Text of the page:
New Jersey Family Leave Insurance

New Jersey Family Leave Insurance

In March of 2008, New Jersey became the second state to implement paid family leave. The Family Leave Insurance (FLI) law, like its California counterpart, allows six weeks to care for a new child or a seriously ill relative, including domestic partners or civil union partners. It provides up to two-thirds of salary, with a cap of $524 a week, paid for through payroll deduction, which would amount to about $33 a year for the average worker (although the contribution rate was lowered by half in the beginning of 2011). As with the California law, job protection is not provided.

Cry Wolf Quotes

It should occur at the national level and not at the state level. My concern about paid family leave in New Jersey is it will make us uncompetitive with other states such as Pennsylvania.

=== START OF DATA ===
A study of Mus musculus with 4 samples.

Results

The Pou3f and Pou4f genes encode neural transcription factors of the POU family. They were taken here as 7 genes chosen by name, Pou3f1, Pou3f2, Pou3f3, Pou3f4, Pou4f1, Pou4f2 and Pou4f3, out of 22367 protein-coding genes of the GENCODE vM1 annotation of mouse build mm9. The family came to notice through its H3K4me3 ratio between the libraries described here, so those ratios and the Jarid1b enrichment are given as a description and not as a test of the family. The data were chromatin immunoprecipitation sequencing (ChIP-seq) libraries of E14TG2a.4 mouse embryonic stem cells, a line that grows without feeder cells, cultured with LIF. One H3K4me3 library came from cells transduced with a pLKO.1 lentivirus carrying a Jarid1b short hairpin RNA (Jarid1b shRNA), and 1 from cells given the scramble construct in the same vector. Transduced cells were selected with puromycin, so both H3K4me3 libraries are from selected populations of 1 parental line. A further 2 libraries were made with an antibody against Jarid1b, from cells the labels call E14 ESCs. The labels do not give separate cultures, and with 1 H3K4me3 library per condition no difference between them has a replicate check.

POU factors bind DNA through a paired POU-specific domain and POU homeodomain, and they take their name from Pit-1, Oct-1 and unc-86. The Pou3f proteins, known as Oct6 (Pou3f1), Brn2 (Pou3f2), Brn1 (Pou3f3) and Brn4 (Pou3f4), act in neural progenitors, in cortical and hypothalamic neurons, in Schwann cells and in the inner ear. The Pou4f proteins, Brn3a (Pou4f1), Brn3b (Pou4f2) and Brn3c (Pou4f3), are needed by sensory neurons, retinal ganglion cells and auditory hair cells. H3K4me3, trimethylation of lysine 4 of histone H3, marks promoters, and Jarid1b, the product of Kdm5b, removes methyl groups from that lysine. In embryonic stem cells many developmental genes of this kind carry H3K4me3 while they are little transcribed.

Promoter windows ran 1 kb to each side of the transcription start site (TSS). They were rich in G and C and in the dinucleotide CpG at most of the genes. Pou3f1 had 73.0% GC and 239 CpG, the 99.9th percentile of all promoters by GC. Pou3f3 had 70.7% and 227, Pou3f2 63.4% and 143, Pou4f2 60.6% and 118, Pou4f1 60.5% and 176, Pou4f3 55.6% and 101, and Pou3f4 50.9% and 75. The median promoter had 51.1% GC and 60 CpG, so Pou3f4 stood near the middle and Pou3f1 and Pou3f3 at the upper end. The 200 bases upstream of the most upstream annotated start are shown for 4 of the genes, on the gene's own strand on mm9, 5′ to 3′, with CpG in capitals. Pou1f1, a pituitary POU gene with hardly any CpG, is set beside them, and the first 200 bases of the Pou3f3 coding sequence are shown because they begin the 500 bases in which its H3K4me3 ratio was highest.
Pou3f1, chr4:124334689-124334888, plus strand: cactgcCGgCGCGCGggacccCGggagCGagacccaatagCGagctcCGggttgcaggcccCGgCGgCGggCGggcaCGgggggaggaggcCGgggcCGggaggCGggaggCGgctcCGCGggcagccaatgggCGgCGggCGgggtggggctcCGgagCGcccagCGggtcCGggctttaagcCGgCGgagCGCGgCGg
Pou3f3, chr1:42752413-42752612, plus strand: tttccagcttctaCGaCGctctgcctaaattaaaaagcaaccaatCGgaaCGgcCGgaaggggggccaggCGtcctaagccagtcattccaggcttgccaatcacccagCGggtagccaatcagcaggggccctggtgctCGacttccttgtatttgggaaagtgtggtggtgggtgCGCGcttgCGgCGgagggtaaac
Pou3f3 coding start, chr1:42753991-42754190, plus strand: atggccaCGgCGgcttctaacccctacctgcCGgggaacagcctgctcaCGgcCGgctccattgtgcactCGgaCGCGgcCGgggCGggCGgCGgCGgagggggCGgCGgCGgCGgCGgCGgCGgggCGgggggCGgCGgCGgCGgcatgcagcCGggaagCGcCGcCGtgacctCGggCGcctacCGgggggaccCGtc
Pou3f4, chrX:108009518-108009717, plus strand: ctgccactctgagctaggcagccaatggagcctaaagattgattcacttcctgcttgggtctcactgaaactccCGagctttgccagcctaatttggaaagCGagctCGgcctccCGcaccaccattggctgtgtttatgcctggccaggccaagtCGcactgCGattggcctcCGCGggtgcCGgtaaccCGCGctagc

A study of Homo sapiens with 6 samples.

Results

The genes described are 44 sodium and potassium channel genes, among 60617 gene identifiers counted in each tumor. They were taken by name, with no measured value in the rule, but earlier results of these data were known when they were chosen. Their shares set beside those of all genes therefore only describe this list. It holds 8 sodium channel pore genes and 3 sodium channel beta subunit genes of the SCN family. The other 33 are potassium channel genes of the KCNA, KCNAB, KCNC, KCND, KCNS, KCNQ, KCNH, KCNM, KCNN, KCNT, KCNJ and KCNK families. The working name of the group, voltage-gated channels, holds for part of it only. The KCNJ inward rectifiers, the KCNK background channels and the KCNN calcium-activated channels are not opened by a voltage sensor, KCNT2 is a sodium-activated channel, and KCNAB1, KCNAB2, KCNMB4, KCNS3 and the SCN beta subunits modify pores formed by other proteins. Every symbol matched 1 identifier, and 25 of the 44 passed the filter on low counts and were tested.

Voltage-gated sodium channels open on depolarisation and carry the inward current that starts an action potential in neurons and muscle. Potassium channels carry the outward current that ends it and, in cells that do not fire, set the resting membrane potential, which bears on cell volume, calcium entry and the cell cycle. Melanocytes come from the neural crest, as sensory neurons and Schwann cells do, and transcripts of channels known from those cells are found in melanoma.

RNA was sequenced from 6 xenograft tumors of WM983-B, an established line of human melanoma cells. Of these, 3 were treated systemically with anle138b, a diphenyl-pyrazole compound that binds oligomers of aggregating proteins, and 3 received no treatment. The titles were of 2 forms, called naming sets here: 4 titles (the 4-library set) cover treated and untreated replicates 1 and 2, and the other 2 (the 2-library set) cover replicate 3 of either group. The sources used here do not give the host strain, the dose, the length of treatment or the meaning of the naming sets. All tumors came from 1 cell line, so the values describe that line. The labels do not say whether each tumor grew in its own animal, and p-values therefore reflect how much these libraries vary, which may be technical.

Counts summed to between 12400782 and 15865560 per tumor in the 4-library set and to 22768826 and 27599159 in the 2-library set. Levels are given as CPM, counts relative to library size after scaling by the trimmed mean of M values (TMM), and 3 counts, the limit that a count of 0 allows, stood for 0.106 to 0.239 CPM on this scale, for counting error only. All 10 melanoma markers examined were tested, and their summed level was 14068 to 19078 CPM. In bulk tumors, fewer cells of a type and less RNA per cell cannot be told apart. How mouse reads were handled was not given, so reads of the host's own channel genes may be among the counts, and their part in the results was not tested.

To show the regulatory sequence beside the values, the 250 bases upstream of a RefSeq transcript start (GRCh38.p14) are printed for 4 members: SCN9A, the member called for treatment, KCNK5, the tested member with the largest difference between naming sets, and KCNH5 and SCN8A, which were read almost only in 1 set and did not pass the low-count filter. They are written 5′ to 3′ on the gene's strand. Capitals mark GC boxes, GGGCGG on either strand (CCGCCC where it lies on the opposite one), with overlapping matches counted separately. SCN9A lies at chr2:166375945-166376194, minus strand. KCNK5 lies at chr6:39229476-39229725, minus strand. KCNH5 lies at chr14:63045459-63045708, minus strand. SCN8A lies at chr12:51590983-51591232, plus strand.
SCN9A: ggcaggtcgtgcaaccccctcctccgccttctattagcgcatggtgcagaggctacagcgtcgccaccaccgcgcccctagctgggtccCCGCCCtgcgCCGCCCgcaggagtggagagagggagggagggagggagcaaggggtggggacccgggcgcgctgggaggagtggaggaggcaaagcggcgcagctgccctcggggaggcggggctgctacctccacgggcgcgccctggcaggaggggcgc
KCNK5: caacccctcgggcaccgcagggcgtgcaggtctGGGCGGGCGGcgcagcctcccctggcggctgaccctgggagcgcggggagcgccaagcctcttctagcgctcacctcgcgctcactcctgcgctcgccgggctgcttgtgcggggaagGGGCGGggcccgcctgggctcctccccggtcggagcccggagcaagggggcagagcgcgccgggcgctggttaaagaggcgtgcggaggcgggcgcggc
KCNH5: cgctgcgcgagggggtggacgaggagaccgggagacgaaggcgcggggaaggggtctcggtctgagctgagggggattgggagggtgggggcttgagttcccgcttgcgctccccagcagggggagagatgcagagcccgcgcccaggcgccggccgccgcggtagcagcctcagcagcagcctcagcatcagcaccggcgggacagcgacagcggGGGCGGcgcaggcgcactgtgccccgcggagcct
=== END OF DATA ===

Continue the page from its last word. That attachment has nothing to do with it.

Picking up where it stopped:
Small businesses can and do fail because of this. There is a cost, both in dollars and in disruption. The cost in dollars is the cost of a temporary worker for which the company pays a premium, the training of a replacement worker and the overtime paid to remaining workers who help fill in for that absent employee.


There is definitely a major disconnect between our leaders in Trenton and the people who pay taxes and employ residents. Legislators and the governor seem to think our residents and employers have deep pockets and unlimited resources to fund their bloated bureaucracy, when that is far from the case. This madness has to end.


So when businesses are already looking for opportunities over the rivers and past the bay, what does our Senate do? It decides to insist that business provide paid time off for family leave...There is a reason that only two states have enacted this legislation. It is because states do not want to lose the businesses that make up the backbone of their budgets. New Jersey senators don't care because this is other people's money anyway. They can stand and pontificate over how they are helping people while those same citizens' employers say ... goodbye.